Friday, December 25, 2009

Zen Buddhism El Paso / Juarez--the end of 2009

Our schedule for the rest of the year: Tomorrow, Saturday the 26th, we will be sitting as usual--330pm, 711 Robinson, but next week, the 2nd day of 2010, we will not be sitting. I hope to see you all tomorrow, but if not, I hope you are all having a wonderful holidays, full of joy and reflection, and I hope that in the New Year we will all sit strong and live our lives mindfully.

Joshu Sasaki Roshi once told the story of Siddhartha’s birth--the baby born to a King who would one day become the Buddha--and in the telling he told about the prophesies and miracles that surrounded the birth of this very special baby. And when he was finished telling the story he giggled and said, “Well, of course, it didn’t happen like this.” He paused then, and a few seconds later added, “But let’s see what the story is telling us.” Then for at least an hour he talked about the very human and spiritual meanings that are the foundation of that story.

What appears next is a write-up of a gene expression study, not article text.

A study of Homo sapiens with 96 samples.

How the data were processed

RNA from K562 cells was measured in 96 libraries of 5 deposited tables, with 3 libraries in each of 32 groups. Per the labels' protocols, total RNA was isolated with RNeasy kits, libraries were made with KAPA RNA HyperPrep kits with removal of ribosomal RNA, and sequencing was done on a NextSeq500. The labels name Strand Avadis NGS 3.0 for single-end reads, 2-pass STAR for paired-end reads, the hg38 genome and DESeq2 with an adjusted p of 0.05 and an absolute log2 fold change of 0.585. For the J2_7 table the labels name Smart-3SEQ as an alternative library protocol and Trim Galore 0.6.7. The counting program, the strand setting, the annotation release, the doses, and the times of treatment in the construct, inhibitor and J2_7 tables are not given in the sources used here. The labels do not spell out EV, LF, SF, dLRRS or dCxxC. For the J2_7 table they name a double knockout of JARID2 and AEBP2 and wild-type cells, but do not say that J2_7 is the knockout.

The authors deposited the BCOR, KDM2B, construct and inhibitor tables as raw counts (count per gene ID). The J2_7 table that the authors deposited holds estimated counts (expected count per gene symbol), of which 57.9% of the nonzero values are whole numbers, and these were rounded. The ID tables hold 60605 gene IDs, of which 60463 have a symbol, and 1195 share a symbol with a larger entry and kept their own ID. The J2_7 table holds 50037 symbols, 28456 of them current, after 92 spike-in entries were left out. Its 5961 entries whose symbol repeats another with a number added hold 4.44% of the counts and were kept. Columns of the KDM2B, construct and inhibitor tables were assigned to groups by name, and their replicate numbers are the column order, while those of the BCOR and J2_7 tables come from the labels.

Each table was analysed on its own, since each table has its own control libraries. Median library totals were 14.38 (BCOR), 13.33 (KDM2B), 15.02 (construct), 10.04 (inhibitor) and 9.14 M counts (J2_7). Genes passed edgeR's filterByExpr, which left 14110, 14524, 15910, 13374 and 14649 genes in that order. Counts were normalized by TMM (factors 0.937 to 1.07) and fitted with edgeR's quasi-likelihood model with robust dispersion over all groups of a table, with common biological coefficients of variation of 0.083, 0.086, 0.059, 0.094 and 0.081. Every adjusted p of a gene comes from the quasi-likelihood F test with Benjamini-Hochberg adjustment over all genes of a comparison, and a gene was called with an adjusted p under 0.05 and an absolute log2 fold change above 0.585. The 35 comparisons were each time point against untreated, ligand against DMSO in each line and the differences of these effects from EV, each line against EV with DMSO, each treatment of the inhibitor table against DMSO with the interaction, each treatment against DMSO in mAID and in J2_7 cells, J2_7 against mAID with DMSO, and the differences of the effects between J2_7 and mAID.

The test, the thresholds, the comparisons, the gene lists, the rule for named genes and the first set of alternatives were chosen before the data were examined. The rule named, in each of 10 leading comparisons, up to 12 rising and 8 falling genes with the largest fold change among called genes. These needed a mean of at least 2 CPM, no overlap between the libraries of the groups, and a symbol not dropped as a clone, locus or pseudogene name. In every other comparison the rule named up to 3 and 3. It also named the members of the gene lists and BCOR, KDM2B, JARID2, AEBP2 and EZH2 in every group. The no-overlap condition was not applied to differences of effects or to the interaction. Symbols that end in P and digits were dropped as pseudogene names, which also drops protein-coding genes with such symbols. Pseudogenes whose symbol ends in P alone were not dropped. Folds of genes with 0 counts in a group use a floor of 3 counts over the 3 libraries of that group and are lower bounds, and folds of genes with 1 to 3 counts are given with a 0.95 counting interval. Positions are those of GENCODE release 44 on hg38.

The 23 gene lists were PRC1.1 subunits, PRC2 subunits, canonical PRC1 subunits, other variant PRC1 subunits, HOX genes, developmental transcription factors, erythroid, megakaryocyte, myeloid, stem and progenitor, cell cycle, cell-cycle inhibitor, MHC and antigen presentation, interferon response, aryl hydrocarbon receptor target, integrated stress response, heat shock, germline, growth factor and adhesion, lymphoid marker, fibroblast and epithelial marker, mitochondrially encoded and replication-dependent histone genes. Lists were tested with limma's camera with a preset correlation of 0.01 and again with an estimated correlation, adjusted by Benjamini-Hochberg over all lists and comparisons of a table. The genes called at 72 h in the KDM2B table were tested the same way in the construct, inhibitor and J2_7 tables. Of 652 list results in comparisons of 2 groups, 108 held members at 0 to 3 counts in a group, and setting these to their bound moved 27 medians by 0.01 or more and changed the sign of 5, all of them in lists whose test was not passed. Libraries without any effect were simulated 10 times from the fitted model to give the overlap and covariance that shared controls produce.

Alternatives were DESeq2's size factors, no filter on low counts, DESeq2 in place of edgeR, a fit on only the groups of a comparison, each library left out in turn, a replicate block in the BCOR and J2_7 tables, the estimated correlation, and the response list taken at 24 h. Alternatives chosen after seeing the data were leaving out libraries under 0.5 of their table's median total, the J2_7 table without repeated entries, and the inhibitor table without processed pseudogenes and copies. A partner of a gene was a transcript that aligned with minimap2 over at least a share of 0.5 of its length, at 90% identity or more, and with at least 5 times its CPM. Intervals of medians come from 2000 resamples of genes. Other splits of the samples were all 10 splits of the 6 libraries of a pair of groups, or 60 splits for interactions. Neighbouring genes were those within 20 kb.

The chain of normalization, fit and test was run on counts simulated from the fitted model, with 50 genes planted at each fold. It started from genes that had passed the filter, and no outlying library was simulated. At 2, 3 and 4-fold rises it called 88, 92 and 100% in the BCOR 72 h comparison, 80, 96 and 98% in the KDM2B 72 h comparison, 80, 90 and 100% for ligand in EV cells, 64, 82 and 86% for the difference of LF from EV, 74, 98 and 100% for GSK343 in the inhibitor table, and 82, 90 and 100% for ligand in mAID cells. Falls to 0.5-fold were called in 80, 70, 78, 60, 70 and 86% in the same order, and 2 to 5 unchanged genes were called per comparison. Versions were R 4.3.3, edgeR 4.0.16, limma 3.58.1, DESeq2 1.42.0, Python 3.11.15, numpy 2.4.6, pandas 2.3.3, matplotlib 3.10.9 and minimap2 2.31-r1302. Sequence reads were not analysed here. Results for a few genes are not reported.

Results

Every Christmas I remember what the Roshi said--“let’s see what the story is telling us”--and it has long helped me think about and consider the story of the birth, life and death of Jesus of Nazareth. Our culture here along the U.S./Mexico border, as well as our so-called Western civilization, is saturated with the story. It’s part of the way we think because it’s part of our mythos (in the old sense of that word) and our language. As practitioners of Zen I believe it’s of no use to argue with the story, just as it’s of really no use to accept the story as fact. It’s best to simply listen to the story and to sit with its meaning--the birth of Jesus, his teaching, his death and resurrection. What does this mean to us? Individually and as a people? In Zen our only fundamentalism is sitting Zazen, the place where the gate swings open between the relative and absolute worlds.

I wish you all a Happy Holidays. And for the New Year, please join me in lighting a candle and a stick of incense for our friends and neighbors--indeed, our sisters and brothers--in Juárez. May the New Year bring them peace and justice.